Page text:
The empty nest, that sense of loss that can happen when your children grow up and leave home, is often associated with mothers. Much of what is written about this stage of life is aimed at women, but men can feel a profound sense of loss as well when their children become adults. In fact, in some cases, it can hit men harder because they may not expect it. Below are some of the things you may have to cope with and tips for dealing with them as your children gain more independence.
For many parents and their young adult children, financial independence is not something that happens overnight. Your children may continue to need financial help with everything from health insurance, to putting down a deposit on their first apartment, to buying a car or a home, and more. There are two separate elements to giving financial help, the emotional part, and the money part. For the former, it’s important that you and your child talk about help and what it means.
Are there strings attached? If you’re paying for something, do you feel as though you have a right to some input into that or other aspects of your child’s life? How does your child feel about that? How will this affect your relationship overall? As for the financial side of things, consider what you can afford and what kind of risks you may be taking. One of the biggest types of financial assistance parents may be offering at this point is help with college costs. There are several different ways to do this, but if you are a homeowner, you may want to consider a HELOC to pay for college. Few parents have enough savings to cover the high cost of college, and with a HELOC, they don’t have to dip into their retirement savings.
Preparing for the Future
Knowing ahead of time that you may suffer from empty nest syndrome can help you prevent the worst of it. If you are still with the other parent, you may need to try to reconnect. For many years, you have been focused on your family life, and without that to anchor you, you might find that you have grown apart. While this does lead to the end of some relationships, it doesn’t have to.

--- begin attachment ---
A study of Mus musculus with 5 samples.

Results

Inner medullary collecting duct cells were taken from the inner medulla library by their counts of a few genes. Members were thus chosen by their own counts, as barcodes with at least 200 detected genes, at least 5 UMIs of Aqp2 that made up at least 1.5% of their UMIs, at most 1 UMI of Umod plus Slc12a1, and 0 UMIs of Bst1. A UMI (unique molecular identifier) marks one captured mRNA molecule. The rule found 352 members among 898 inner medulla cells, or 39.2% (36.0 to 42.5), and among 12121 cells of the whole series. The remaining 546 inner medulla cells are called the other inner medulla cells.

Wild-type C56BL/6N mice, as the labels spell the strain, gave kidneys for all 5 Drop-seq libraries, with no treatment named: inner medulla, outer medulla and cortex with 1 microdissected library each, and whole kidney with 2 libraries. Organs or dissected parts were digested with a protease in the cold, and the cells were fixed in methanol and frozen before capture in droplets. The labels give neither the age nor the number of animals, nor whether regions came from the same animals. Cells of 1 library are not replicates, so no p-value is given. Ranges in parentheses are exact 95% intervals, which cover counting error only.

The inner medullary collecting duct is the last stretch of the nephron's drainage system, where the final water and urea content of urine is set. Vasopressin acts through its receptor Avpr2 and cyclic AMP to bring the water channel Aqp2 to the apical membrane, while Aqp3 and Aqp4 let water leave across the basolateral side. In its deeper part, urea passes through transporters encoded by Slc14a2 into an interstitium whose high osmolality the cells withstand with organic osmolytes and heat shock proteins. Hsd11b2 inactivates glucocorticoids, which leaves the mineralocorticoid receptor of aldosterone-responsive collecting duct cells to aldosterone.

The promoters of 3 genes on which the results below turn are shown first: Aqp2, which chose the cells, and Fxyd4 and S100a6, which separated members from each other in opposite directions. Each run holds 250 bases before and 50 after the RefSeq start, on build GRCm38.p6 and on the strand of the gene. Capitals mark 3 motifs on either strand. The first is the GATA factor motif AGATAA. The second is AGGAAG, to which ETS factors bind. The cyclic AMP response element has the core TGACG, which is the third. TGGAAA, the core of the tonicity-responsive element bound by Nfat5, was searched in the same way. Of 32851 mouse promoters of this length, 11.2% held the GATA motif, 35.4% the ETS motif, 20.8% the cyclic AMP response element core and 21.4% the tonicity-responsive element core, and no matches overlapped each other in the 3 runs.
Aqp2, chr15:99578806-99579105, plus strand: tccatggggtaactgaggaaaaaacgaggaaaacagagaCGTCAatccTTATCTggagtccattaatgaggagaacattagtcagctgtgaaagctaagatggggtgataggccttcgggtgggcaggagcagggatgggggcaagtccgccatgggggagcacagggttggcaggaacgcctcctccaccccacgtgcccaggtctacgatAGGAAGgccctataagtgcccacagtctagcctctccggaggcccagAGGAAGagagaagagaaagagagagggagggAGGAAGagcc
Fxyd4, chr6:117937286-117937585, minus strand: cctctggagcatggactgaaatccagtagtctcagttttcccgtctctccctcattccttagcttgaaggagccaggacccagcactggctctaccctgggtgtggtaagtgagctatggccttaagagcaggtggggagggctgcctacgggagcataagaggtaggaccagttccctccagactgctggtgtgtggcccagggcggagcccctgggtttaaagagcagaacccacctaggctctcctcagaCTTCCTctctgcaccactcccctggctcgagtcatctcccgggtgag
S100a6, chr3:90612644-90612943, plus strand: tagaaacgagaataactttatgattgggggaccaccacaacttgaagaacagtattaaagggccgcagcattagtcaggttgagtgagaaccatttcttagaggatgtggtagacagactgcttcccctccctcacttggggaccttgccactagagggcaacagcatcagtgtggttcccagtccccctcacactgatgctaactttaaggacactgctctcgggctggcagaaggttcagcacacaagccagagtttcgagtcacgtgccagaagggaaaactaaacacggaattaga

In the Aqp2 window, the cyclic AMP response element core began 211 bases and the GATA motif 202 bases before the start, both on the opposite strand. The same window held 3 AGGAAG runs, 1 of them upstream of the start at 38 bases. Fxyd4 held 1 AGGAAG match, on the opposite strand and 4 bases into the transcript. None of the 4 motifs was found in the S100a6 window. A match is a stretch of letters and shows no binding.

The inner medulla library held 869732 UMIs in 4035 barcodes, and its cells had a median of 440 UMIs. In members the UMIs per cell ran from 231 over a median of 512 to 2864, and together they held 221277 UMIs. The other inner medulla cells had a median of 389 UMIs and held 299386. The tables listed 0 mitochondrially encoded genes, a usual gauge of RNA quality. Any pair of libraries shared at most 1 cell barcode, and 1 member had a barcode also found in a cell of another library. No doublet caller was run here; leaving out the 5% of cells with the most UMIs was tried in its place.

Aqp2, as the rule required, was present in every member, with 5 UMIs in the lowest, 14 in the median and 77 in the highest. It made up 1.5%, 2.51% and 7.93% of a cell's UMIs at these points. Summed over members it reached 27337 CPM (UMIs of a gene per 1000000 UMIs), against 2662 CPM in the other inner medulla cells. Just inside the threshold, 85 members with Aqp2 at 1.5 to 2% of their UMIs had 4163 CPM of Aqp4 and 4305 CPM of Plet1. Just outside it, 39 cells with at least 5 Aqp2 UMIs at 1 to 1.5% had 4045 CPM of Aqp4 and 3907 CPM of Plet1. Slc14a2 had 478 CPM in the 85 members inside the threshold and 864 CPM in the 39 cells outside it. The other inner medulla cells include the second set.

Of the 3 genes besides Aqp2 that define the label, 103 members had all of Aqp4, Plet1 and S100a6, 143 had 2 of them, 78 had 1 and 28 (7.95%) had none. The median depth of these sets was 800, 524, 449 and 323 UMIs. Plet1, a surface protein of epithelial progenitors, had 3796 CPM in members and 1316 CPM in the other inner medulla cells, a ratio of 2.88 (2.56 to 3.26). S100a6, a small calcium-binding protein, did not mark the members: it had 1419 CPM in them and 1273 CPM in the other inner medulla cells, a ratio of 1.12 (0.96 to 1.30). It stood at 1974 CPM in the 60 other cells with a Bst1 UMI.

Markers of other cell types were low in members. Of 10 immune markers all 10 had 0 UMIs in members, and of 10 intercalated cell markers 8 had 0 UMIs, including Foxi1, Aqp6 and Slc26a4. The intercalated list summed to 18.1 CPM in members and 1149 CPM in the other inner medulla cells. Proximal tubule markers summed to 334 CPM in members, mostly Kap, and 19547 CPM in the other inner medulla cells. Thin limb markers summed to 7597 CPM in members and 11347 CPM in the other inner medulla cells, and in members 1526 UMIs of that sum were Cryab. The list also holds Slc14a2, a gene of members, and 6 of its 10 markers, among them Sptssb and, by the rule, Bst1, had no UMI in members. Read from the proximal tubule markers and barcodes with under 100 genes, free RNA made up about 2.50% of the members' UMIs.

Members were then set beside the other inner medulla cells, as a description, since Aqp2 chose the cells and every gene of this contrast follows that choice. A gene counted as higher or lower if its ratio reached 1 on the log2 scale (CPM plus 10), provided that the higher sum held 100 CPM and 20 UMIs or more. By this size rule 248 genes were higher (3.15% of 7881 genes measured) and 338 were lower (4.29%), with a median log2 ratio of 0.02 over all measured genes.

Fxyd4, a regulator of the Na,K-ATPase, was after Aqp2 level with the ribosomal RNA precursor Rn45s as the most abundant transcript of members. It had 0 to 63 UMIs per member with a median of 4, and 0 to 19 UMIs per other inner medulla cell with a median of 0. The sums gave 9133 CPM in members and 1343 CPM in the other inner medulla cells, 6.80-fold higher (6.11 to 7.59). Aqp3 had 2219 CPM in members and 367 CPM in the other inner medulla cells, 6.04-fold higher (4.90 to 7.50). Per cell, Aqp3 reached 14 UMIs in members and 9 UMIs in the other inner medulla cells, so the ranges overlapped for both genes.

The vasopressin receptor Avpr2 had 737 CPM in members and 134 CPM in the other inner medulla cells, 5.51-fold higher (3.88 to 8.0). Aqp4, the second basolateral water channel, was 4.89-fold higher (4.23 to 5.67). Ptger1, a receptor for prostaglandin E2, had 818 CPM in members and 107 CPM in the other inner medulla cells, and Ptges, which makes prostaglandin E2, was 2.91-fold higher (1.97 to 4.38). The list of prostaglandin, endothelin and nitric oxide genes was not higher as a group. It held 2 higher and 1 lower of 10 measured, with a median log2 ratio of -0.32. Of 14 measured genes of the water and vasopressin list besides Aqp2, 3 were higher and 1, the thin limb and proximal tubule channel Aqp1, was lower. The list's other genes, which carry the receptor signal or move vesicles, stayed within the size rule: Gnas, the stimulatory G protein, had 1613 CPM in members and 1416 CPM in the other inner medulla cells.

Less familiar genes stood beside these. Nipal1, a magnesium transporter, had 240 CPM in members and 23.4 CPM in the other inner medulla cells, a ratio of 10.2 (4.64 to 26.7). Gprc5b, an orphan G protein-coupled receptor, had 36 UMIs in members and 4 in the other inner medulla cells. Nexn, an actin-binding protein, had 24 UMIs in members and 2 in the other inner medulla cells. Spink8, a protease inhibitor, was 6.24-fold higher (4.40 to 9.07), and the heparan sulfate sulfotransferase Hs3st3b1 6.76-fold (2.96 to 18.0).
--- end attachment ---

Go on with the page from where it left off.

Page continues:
Anticipating this can make it less surprising and destabilizing if it does happen. It can also give you the opportunity to take steps to prevent it by starting to connect again while the kids are still at home. Talk to one another about your interests and your dreams for the future. Try to create a shared vision of what life will be like in the years ahead. Whether you are single or partnered, think about what you want as well. What are some interests you’d like to spend more time or skills you’d like to develop?
Understanding the Emotions
All the preparation described above doesn’t mean that you won’t feel any sadness when your children move out. It’s important to understand that if you do feel these things, it doesn’t mean that something is wrong. In fact, it is a strong indication that you genuinely enjoyed life with your children at home. In addition, it doesn’t mean that you don’t value the fact that your child is becoming independent. It’s normal to miss them even while being excited that they are moving on to a new and exciting part of their life. This change can cause a bit of an emotional rollercoaster so be sure to exercise patience when dealing with difficult family members and have empathy for the fact that they too are going through a change.
Connect with Others
Another reason that the empty nest can be particularly tough on men is because they are more likely to have been taught to conceal their feelings than women have. It can help to open up to your partner or other fathers about your emotions. However, even if this is not something that feels comfortable, you can still try to connect more to other people. You might want to consider trying to deepen some friendships or turn an acquaintance into a friend. You could also look to mentoring a younger person in your workplace or elsewhere, which would give you the opportunity to take on an important role in their life and share your wisdom and experience.